News


Police ID woman whose body was found in garbage can

Arrest made in death of Stockton woman

The woman whose body was found inside a garbage can in Pleasanton in May has been identified, and police arrested her alleged killer Wednesday.

Police have confirmed the woman was Ana Flores-Pineda, 25, of Stockton. Her body was found inside a trash container on Dublin Canyon Road on May 24.

Police detectives from Pleasanton and Stockton arrested Javier Prado Sandoval, 30, also from Stockton, Wednesday morning.

Investigators determined Flores-Pineda was the victim of a homicide that occurred in the city of Stockton. Pleasanton police Sgt. Kurt Schlehuber said Flores-Pineda had been in the garbage can for "a few weeks."

A missing persons report led Stockton police to the body found in Pleasanton, Schlehuber said.

"Through their investigation, they contacted the Alameda County Coroner who confirmed they had an unidentified Jane Doe," he said. The body was linked to Flores-Pineda through DNA analysis.

Stockton detectives conducted follow-up on the missing persons case. Working in conjunction with Pleasanton detectives, they were able to identify the deceased female located here as Flores-Pineda, according to a police news release.

Sandoval was to be booked into the San Joaquin County Jail. The investigation is ongoing and further details regarding this case will be released at a later date.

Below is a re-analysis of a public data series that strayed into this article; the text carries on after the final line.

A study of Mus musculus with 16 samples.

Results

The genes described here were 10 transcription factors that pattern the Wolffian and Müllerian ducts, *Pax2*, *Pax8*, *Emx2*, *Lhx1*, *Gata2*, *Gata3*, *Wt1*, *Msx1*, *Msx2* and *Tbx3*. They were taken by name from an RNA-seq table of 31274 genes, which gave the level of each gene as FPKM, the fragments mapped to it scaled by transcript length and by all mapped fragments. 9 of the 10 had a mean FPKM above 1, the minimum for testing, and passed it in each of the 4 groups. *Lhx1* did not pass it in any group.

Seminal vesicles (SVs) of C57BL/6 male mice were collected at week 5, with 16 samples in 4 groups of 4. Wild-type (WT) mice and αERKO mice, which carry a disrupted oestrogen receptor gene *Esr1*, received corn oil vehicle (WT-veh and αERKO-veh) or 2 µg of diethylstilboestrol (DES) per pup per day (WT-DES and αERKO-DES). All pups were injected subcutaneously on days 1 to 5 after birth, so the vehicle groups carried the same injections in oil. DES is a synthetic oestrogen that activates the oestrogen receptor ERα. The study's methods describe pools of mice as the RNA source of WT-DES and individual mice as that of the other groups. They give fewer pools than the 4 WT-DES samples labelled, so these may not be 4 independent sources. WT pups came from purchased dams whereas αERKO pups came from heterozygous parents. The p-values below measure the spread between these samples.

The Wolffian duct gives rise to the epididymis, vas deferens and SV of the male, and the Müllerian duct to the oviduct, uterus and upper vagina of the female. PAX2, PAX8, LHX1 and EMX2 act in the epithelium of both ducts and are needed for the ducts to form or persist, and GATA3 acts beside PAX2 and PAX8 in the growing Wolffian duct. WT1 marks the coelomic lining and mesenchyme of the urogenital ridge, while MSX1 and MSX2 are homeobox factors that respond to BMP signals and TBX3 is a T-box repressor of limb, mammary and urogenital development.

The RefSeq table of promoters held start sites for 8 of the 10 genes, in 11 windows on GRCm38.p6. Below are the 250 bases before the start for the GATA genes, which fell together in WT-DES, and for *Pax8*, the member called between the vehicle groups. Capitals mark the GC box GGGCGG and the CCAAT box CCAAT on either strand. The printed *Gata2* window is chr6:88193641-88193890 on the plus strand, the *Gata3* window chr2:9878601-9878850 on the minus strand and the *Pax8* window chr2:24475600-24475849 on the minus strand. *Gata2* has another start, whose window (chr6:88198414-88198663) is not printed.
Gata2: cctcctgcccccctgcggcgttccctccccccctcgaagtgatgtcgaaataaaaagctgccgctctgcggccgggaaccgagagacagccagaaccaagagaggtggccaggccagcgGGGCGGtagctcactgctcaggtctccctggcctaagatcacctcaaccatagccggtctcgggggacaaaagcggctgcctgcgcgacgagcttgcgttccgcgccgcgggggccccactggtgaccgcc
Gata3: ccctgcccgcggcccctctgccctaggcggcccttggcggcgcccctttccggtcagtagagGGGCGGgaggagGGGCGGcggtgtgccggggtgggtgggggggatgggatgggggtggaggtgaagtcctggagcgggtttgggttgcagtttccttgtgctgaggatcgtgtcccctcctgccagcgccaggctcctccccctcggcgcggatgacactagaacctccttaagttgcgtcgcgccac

"The motive definitely is domestic violence," said Stockton police Officer Joe Silva, the department's public information officer. "They were in some type of relationship."

Silva credited Pleasanton police for their help in breaking the case.

"It's been a thorough investigation with both agencies," Silva said. "We couldn't have made this arrest without the Pleasanton Police Department."

The two agencies are continuing to cooperate.

"We're still working on various aspects of this case to support Stockton police," Schlehuber said.

Pleasanton police followed up through a number of approaches, including a forensic anthropologist's sketch and the release of photos of earrings from the woman's body. They also forwarded DNA to a national database, and did a search of dental records.

"We had contacted a sculptor, an artist to do a sculpture, a bust, that was our next step," Schlehuber said, adding that the lead to Stockton came in at the same time.